Are you part of a ‘Great Commission’ church?
March 7, 2006
I can remember going to the Muny Opera in St. Louis and just prior to the start of the production, the orchestra would enter the orchestra pit and “tune up.” What an awful noise! It was every man for himself. One thing for sure, they would never be able to sell a recording of that tune up. But then, as the lights went down and the conductor stood on his stand and raised his baton, a magical thing happened. The same group of musicians that minutes before sounded awful suddenly produced the sweetest music and harmony you have ever heard. That amazing transition occurred because the conductor led the orchestra to follow the music. He directed the separate elements of the orchestra to join together to make a joyful and beautiful melody.
The local church is a lot like that orchestra. Just as the orchestra has a string section, a wind section, a brass section, and a percussion section, the local church has five functions to bring together to work in harmony to fulfill The Great Commission (our “music”). The pastor is the conductor and, at his direction, the church can “make beautiful music in perfect harmony.” If you have ever been a part of a local church that was fulfilling The Great Commission in a consistent and intentional manner, you understand what a beautiful thing that is. The Great Commission is Jesus’ mandate for the local church, and it makes no difference what style your church takes, from traditional to contemporary and everything in-between; the mandate remains the same. To be a healthy, thriving church, every Missouri Baptist church must fulfill The Great Commission. There are no options or choices here!
If you study Matthew 28:18-20 closely, you will discover that the emphasis is to “ make disciples.” In the original language, “ Therefore go…” literally means “as you are going.” It is assumed that we will accomplish the mission wherever and whenever we go. Further study reveals that we make disciples by “ baptizing them” and “ teaching them.” Although some may disagree, I believe that the best way the local church can fulfill The Great Commission is to be active in all five functions of the church (evangelism, discipleship, fellowship, ministry, and worship) found in the early church (Acts 2:42-47). If all five of these functions are active and intentional in their actions, the local church will be a healthy, growing entity. This means that they will be reaching their community for Christ (evangelism), guiding their members to grow more Christ-like every day (discipleship), creating genuine community (fellowship), meeting needs in the community and in the congregation (ministry), and engaging in a worship experience where God’s presence is profoundly real and people are having a genuine encounter with God (worship).
Is your church fulfilling The Great Commission in a consistent and intentional manner? If you are, you can, if you choose, stop reading this article. If your church is not intentionally active in all five of the functions of the church cited above, please read on. As I interact with churches all over the state, I find that many of the church leaders and their congregations are not aware of their flat line or declining profile. It is so slight and insidious that it is often overlooked. We are like the frog in the kettle. As the heat is turned up ever so slowly, we tend not to notice until it is too late. In the local church we see new people join our fellowship and we assume that we are growing. We tend to ignore the “backdoor” where we are losing members for a variety of reasons. We cannot rely on what we feel or perceive; but rather, we must look at the cold hard facts.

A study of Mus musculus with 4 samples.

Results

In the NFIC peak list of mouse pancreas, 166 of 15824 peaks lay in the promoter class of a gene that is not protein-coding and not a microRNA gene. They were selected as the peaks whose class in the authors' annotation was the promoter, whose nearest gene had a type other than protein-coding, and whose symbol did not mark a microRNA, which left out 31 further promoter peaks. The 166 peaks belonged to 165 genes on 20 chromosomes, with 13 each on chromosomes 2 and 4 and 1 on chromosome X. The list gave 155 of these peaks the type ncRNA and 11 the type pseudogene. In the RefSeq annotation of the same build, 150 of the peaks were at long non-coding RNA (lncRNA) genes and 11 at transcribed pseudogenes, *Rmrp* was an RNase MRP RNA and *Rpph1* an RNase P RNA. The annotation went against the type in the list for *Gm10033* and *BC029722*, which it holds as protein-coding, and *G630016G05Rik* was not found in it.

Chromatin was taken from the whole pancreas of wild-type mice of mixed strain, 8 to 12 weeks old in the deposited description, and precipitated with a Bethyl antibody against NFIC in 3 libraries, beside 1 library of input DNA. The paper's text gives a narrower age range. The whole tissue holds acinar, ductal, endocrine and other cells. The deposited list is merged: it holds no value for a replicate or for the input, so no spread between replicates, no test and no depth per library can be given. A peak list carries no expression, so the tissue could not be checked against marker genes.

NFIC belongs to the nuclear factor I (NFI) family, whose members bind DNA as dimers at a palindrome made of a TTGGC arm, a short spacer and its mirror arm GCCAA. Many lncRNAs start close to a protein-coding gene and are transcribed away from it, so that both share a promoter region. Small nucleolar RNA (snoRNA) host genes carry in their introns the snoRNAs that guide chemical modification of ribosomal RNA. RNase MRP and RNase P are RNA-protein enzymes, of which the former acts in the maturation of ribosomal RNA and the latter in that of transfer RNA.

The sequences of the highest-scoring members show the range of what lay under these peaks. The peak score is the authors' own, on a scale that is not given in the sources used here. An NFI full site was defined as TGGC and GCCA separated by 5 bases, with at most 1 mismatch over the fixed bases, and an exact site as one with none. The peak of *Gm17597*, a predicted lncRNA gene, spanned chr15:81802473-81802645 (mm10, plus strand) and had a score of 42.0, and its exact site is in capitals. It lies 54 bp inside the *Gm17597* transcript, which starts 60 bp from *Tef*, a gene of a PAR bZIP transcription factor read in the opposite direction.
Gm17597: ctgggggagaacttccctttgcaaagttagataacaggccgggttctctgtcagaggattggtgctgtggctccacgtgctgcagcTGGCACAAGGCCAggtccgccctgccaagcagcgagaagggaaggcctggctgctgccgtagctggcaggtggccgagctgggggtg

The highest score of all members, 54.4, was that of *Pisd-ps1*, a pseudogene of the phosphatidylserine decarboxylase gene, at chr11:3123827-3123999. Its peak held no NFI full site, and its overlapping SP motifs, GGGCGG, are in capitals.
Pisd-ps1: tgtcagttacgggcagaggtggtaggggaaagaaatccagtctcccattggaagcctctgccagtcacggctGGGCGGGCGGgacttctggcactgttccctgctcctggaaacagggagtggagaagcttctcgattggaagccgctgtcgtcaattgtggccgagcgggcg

The statistics from the 2005 Annual Church Profile (ACP) gives us a glimpse at how we are doing in the arena of evangelism. I asked earlier if your church was fulfilling The Great Commission. The first stage of “ making disciples ” is to share the Gospel with the lost and, through the work of the Holy Spirit, realize new converts for the Kingdom. One way we have of measuring how we are doing in this regard is to check the baptism statistics for our state. This measurement implies that those led to Christ by the local church are being obedient by following their decision for Christ with participation in believer’s baptism. It also assumes that the local church is providing accurate information on the ACP.
How are we doing as a state? Did you know that of the 1,993 churches reporting on the 2005 ACP, 637 (32%) had no baptisms! Fully, one-third of our convention churches and missions are not fulfilling The Great Commission! The good news is that 1,356 churches saw the baptismal waters ripple for a total of 13,060 people baptized. Although this is 183 less than the preceding year and continues a trend that has been evident for the last ten-plus years, there is much to be optimistic about. First, and foremost, God is in control and through Him, we can accomplish many things that seem impossible to man. Second, the vocational and lay leaders in our local churches can, if they choose, reignite the flame of desire to fulfill the Great Commission in the hearts of their church members, and then lead their church to become active in all five of the functions. We need to return to the basics of effective ministry in every venue of our local churches. The Missouri Baptist Convention staff stands ready to assist you in any way possible. Our desire is for our state convention to turn this state upside down for the cause of Christ. I am committed to that outcome. Will you join me? (Bruce Morrison is director of Sunday School/discipleship for the Missouri Baptist Convention.)